FLORENCE — Trusting that a pending state law will give them more time to draw new Pinal County supervisor districts, county staff plans to present new boundaries to the Board of Supervisors in June 2022.
Prior to that, citizens will have the opportunity to offer input in public meetings in late 2021 and early 2022. The board must adopt final maps by July 1, 2022.
The board adopted a set of principles to guide the redistricting process Wednesday. A public website on Pinal County’s redistricting process is scheduled to go live next month.
Pinal County' districts now include:
District 1 (Riverside, Oracle, Coolidge, Florence, part of Eloy)
District 2 (San Tan Valley)
District 3 (Casa Grande, part of Eloy)
District 4 (Maricopa, Arizona City, Saddlebrooke)
District 5 (Apache Junction, Gold Canyon)
Tami Ryall from the county manager’s office told the board that census data was originally supposed to be available at the end of April but is now delayed until the end of September. The county originally planned to propose new districts by Dec. 1, which would only give county staff two months to develop maps based on census data.
County staff asked the County Supervisors Association to propose legislation to extend the deadline to July 1, 2022. The bill appears headed for approval and “I think we’re going to get our extension,” Ryall told the board.
The delay in census reporting is the result of the pandemic and prioritizing delivery of apportionment results. Unlike with previous censuses, the Census Bureau will deliver the data for all states at once. The Census Bureau said in a news release the goal is “to deliver complete and accurate redistricting data in a more-timely fashion overall for the states.” The next board election is in 2024.
To preserve the “one person, one vote” requirement of the U.S. Constitution, any jurisdiction that elects public officials must readjust its boundary lines after every federal census to re-equalize the population.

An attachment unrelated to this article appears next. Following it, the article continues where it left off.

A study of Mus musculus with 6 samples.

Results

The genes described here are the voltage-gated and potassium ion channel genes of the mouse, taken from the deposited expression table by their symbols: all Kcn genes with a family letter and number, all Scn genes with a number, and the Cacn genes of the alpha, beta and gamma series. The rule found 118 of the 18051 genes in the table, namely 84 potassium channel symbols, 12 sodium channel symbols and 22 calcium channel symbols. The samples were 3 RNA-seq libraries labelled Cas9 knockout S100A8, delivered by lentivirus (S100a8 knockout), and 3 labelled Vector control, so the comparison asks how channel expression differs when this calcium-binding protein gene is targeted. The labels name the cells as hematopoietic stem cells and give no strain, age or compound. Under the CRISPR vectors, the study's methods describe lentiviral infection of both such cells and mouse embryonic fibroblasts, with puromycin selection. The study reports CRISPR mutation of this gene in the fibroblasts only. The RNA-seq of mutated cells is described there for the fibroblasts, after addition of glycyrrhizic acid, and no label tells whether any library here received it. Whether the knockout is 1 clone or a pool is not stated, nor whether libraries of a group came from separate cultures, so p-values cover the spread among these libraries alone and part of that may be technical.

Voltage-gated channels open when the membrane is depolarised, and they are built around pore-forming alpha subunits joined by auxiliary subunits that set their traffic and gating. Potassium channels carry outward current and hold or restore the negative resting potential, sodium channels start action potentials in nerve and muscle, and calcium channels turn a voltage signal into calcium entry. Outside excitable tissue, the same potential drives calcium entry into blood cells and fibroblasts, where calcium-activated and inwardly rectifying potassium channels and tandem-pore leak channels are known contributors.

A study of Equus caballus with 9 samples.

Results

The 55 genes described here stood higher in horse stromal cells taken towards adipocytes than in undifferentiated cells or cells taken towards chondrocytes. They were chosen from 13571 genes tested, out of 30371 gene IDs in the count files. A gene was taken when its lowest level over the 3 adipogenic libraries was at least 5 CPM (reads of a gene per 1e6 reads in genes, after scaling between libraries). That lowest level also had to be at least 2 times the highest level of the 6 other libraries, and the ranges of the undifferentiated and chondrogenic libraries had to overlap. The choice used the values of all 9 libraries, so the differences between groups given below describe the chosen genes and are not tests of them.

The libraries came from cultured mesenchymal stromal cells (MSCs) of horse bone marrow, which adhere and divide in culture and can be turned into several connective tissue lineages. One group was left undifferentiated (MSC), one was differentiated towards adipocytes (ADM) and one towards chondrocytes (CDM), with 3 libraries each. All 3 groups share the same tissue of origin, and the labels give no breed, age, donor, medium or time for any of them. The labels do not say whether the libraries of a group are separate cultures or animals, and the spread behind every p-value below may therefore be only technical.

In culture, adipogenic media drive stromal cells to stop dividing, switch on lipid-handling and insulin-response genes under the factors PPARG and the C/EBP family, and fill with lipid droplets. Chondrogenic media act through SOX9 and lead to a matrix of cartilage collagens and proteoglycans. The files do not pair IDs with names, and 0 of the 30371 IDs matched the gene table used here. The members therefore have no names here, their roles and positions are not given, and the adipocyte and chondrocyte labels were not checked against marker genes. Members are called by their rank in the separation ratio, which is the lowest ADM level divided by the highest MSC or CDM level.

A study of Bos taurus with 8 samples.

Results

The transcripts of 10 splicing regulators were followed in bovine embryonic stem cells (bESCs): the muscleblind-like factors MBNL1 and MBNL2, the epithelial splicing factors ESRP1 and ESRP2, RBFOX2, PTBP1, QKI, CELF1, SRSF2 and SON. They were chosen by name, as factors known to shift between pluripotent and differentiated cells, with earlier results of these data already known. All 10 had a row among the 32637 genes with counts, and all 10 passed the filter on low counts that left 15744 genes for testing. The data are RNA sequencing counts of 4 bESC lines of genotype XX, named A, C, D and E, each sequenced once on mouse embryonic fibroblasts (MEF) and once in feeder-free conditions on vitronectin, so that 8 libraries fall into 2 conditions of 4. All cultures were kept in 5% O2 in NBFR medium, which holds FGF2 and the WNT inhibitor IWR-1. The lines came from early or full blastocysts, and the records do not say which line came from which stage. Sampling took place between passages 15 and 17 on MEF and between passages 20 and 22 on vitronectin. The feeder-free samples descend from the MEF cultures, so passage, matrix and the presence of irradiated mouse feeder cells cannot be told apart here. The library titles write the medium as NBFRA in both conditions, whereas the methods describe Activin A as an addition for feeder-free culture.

Supervisor Jeff Serdy, R-Apache Junction, noted the old districts don’t have equal population, with District 2 in the San Tan Valley area having grown out of proportion with the rest of the county.
Supervisor Kevin Cavanaugh, R-Coolidge, suggested the county obtain some private data on population growth and begin sketching out new districts “to get ahead of the curve.” The county already knows the shapes of the census tracts and can use them for a guide as well, he said.
The new districts must be “relatively balanced on population,” within 10% of each other, Ryall said. A district may appear odd-shaped for this reason, plus the goal of not splitting census tracts. Further, the county should take care not to split up communities of interest, Ryall said.
Cavanaugh said Florence and Eloy are already split by supervisor districts. Ryall said the law still prefers keeping communities of interest intact. This was one of the redistricting principles the board adopted Wednesday, along with:
- Representation: Each district has a substantially similar number of people.
- Compactness: There should be a minimum distance between all parts of a constituency, for example in a circle, square or hexagon.
- Contiguity: All parts of a district must be connected at some point with the rest of the district.
- Preservation of political subdivisions and communities of interest.
- Preservation of cores of prior districts as previously drawn, to preserve continuity of representation. New districts should also avoid creating contests between incumbents.
- District lines should not intentionally or unduly favor a person or political group, or create a “safe” district for a certain party.